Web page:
What President said about Trump’s alleged “shithole” comment
The US President flattered Nigeria, describing it as “amazing” and one of the most beautiful countries.
President Donald Trump on Monday, April 30, hosted President Muhammadu Buhari of Nigeria at the White House, four months after referring to Haiti and African nations as “shithole countries”.
Trump who has had racism scandal hanging over him had in January 2018 exhibited the tendencies when he allegedly used derogatory words to describe Haiti and countries on the African continent populated by black people.
He was said to have made the statement during an immigration meeting with a bipartisan group of senators at the White House. The US President, however, sort of denied making such comment.
“Why are we having all these people from shithole countries come here?”, a senator at the meeting insisted Trump made that statement.
However, at his meeting with Buhari on Monday, the US President flattered Nigeria, describing it as one of the most beautiful countries, and the two leaders confirmed they did not discuss the “shithole” controversy.
Trump welcomed Buhari to the White House around 12 noon and the two had a meeting at the Oval Office which after they addressed a joint press conference.
At the briefing, a journalist asked Buhari, if he and Trump talked about the alleged “shithole” comment during their meeting – his response was displomatic.
“I’m very careful with what the press says about [people] other than myself. I’m not sure about the validity or whether that allegation against the president was true or not. So the best thing for me is to keep quiet”, Buhari, 75, said.
The US President, who interjected, also said they did not discuss the matter, however, he added that some African countries are in very bad shape and not comfortable to live in.
“You do have some countries that are in very bad shape and very tough places to live in. But we didn’t discuss it because the president knows me and he knows where I’m coming from and I appreciate that. We did not discuss it,” Trump said.
It was the first time Trump would host a President from sub-Saharan Africa since he became President.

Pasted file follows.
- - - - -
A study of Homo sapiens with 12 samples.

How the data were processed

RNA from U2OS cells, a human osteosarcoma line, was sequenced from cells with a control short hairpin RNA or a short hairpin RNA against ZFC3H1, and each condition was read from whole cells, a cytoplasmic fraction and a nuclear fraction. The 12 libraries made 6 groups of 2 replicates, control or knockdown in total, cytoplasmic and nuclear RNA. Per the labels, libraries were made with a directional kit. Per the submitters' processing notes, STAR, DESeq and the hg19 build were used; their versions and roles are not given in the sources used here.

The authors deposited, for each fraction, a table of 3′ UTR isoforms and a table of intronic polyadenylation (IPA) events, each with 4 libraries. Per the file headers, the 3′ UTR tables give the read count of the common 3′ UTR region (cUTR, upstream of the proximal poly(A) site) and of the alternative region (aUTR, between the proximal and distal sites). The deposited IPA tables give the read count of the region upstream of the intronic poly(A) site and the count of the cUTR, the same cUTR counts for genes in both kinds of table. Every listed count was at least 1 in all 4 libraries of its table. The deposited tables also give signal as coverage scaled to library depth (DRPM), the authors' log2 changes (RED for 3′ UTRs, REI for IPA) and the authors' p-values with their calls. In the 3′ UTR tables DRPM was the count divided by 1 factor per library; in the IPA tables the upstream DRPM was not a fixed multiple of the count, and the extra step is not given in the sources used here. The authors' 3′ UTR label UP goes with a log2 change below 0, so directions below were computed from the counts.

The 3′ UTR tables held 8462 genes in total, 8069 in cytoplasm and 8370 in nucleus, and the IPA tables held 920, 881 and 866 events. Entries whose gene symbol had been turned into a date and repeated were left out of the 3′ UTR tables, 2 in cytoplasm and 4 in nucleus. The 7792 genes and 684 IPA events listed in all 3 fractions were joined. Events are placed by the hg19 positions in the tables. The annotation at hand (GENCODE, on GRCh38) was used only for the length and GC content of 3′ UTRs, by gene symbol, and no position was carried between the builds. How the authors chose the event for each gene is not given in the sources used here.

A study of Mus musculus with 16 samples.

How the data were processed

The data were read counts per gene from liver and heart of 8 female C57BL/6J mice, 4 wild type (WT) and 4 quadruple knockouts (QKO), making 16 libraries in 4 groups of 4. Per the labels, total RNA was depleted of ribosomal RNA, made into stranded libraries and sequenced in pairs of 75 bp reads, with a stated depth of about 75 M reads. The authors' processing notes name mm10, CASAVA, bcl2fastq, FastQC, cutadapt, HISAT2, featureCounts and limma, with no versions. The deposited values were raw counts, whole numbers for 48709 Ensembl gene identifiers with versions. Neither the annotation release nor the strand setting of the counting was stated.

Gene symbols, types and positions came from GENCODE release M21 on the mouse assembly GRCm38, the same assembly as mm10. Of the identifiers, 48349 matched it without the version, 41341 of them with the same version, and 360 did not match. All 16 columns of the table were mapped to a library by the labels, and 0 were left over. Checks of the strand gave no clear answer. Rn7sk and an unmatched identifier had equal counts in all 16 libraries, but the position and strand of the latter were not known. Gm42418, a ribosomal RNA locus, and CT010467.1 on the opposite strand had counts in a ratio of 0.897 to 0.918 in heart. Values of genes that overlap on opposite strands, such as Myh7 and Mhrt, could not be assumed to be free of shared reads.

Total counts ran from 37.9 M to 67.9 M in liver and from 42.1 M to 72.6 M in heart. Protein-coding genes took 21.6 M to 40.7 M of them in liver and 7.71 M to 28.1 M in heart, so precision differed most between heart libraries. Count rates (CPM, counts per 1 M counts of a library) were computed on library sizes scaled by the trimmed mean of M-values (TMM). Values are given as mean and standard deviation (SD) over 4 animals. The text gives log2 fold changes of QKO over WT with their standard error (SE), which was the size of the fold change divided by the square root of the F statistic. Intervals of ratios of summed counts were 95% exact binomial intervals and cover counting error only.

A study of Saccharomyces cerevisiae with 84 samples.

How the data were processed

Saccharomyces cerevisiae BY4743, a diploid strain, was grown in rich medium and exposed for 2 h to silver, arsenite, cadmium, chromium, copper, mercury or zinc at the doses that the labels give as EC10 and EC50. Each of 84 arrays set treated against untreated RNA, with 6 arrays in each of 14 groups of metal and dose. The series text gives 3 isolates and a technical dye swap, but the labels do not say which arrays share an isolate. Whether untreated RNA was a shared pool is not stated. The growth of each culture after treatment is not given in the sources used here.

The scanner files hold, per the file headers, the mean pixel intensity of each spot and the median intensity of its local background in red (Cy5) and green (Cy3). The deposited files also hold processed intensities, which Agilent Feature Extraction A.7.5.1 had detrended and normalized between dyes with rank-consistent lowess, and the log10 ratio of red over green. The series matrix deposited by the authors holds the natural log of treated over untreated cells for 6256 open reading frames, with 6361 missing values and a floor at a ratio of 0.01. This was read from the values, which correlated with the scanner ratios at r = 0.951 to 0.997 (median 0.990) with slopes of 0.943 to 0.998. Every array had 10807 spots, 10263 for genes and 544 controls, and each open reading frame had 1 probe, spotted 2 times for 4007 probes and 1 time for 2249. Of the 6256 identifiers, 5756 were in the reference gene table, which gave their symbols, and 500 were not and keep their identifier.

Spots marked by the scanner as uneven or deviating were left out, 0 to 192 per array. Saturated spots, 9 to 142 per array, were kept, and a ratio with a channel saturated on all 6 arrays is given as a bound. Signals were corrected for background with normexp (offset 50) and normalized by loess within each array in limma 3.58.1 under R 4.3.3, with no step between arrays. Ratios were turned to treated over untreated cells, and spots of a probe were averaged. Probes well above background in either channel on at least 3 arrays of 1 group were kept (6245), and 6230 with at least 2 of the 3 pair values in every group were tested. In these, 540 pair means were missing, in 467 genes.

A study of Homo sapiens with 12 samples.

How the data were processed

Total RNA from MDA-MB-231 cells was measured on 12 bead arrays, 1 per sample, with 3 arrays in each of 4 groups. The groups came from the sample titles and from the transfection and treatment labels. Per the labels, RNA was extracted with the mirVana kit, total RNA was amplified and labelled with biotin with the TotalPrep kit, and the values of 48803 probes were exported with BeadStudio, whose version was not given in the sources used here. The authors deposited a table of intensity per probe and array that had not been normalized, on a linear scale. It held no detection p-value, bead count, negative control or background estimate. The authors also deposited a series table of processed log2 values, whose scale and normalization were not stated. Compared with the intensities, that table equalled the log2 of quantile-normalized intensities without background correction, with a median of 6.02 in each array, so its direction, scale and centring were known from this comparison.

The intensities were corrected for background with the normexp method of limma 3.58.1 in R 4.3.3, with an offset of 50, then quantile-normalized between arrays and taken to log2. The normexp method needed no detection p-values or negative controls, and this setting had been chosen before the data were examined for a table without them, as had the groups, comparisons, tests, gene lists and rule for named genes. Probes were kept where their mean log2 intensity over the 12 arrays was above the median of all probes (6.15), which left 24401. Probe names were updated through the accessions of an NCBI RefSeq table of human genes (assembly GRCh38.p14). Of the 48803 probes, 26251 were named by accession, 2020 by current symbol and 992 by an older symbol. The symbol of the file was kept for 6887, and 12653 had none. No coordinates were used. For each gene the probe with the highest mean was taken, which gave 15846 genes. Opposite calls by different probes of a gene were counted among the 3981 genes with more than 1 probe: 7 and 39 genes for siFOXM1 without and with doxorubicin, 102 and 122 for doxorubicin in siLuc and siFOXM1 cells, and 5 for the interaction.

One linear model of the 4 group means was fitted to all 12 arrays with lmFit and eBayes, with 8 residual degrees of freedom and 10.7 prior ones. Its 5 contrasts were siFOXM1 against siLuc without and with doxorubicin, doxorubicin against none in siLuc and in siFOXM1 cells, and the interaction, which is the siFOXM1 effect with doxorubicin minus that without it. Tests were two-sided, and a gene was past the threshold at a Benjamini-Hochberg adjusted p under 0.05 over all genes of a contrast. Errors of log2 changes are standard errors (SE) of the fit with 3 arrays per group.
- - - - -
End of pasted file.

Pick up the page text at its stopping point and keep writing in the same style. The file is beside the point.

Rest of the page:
Both leaders also discussed aid and removing trade barriers, agriculture and oil, military and intelligence cooperation and the fights against corruption and Islamist terrorism.
The US president described Boko Haram‘s infamous kidnap of the Chibok schoolgirls as “tough stuff”.
Trump also condemned the killing of Christians in Nigeria, saying it is unacceptable to the US government.
Herdsmen, predominantly from the Fulani ethnic group, have been clashing with farmers over grazing issues since January this year, which has led to the death of over 200 people.
The crisis took a different turn last week when the herdsmen attacked a Catholic church, killing two priests and 17 worshippers.
Trump said the US has a “very serious problems with Christians who are being murdered in Nigeria, we are going to be working on that problem very, very hard because we cannot allow that to happen.”
When asked if he would consider visiting Nigeria as his predecessor, Barrack Obama, whose father was Kenyan, never visited the country throughout his time as the US President despite visiting some African nations, Trump excitedly said he would like to visit the most populous country on the continent.
“I would like to visit Nigeria. I’d like very much to visit Nigeria. It’s an amazing country and in certain ways I heard from the standpoint of a beauty of a country, there’s no country more beautiful, so I would like to,” he added.
President Buhari was said accompanies to the White House Nigeria’s Ambassador to the U.S. Sylvanus Nsofor, Ministers of Foreign Affairs, Justice, and Trade and Investment, and Governors of Plateau and Ogun.
Others on the delegation were Chief of Defence Staff, Maj.-Gen. Gabriel Olonisakin, Senate Committee Chair on Foreign Affairs, Monsurat Sunmonu and her House of Representatives counterpart, Nnenna Ukejie.